A Day at the Spa
We set off from Kapama’s tented Buffalo Camp on a beautiful summers morning and were pleasantly surprised to find fresh rhino and elephant tracks. I knew about a small mud pan that was recently filled up with rain nearby so went to investigate.
It paid off and we were spoilt with a fantastic scene.
As we approached we found four white rhinos laying in the mud, one dominant male and his 3 cows. Slowly they started stirring, awakening from their sloshy slumber. One by one they each moved about clumsily through the thick mud. They are too large to roll over on their back so they need to get up and flop down on the other side to cover as much of their large surface skin area in mud as possible. This helps as a natural sunblock as well as suffocating any ticks hiding under the skin flaps of the inner legs.
Once the crash of rhino had moved on in search of grass we went back to the elephant tracks.
Tracking elephants with guests has always been a favourite of mine. It didn’t take too long before we were inhaling the distinct herby and sour bushveld scent of fresh elephant dung.
It seemed the elephants had left a small obstacle course behind them in the middle of the road, for us to manoeuvre through, after their feeding. Twice I had to stop and remove a large branch from our path to continue tracking them.
Since they left such obvious signs (once you knew what to look for), I kept the anticipation going, waiting rather for a guest to spot the signs (or clues), interpreted it, and continue in the suggested direction. On finding the herd, each guest quietly celebrated, excited and moved by their own small safari victory, as if having solved a beautiful puzzle.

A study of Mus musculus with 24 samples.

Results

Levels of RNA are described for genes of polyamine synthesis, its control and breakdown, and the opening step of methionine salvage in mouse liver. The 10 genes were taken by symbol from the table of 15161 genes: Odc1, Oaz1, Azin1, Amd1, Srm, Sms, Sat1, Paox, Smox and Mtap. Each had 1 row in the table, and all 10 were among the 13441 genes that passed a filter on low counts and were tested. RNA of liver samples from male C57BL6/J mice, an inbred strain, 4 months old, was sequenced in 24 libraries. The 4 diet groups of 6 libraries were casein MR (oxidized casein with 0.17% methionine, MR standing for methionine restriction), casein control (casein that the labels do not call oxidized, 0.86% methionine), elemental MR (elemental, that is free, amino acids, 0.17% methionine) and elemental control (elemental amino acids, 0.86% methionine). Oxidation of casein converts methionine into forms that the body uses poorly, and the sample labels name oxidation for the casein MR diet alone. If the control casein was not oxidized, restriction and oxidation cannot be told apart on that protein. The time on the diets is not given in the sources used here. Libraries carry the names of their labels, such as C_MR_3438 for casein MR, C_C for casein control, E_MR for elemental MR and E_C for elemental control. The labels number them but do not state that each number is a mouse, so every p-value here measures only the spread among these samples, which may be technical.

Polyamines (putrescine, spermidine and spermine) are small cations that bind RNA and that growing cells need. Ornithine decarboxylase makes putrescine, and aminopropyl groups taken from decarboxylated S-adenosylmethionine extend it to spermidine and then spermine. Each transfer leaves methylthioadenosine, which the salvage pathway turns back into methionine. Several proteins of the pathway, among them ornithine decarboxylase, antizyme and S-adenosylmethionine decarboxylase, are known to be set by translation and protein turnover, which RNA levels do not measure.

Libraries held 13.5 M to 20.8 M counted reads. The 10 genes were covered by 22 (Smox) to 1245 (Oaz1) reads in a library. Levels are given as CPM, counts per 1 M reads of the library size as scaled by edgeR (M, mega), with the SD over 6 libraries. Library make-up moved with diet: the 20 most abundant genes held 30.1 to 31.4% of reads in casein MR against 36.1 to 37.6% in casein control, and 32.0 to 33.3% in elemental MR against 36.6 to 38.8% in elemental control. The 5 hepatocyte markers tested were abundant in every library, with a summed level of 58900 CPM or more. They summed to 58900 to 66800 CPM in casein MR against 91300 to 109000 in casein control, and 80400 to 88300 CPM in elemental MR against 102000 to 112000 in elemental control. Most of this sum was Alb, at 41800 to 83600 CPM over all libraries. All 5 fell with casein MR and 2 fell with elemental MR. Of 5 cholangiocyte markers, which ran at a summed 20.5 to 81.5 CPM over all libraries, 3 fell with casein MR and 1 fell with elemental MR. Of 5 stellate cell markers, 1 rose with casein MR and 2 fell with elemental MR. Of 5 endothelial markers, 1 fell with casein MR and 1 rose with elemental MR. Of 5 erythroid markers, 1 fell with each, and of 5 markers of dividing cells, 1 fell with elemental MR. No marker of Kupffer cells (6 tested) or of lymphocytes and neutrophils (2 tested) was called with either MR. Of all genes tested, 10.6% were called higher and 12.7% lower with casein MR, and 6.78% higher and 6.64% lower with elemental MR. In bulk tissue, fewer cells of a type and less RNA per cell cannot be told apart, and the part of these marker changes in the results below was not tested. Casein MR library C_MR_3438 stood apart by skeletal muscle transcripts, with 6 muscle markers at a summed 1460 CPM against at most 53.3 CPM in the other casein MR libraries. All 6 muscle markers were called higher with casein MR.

As impressive as it already is to see the enormity of this elegant gentle giant, an entire herd of at least 25 individual elephants moving intently in a set direction is breath-taking. They were headed back south from where we came, a bee-line to where we had experienced the wallowing rhinos. The entrance to the pan and road becomes smaller and denser. We watched in awe as the herd moved in perfect single file towards the water. As the foliage opened the youngsters began to almost skip with excitement.
By the time the herd of elephants reached the pan and started noisily slurping up mud with their ever so useful trunks and spraying it all over their bodies, the guests were beside themselves. Cameras were clicking away and soft “aww’s” followed by bouts of laughter. Even the adult elephants were enjoying themselves, laying down and rocking their hips from side to side.
The youngest of the herd, about 3,5 months old, was excited to get in on the fun. Not having too much control of the thousands of muscles in the trunk she just went head first into the mud and tried not to get stuck in the deeper pools.
The largest part of the herd moving off, signalled the approach of a large bull and his younger companion in this small bachelor herd. Both found a freshly dug up wallow and lay down in the cool sludge. Moving more wildly than the previous lot it didn’t take long for them to be completely covered in mud and ready for anything this hot day might bring.
All-in-all it was a terrific adventure for my guests that morning. Firstly finding the rhinos early on the game drive, then picking up on the elephant tracks, and solving the bushveld puzzle, and finally to be presented with the ultimate prize – a herd of Elephants at their day out at the Spa.
Story and elephant photos by: Ranger Monika Malewski – Buffalo Camp
An endangered species is any animal or plant at risk of becoming extinct or in danger of being eradicated from the Earth. The 21st of May is Endangered species day. A day we can shine a light on the animals whose numbers have declined so much over the years that they have sadly found a place on the endangered species list.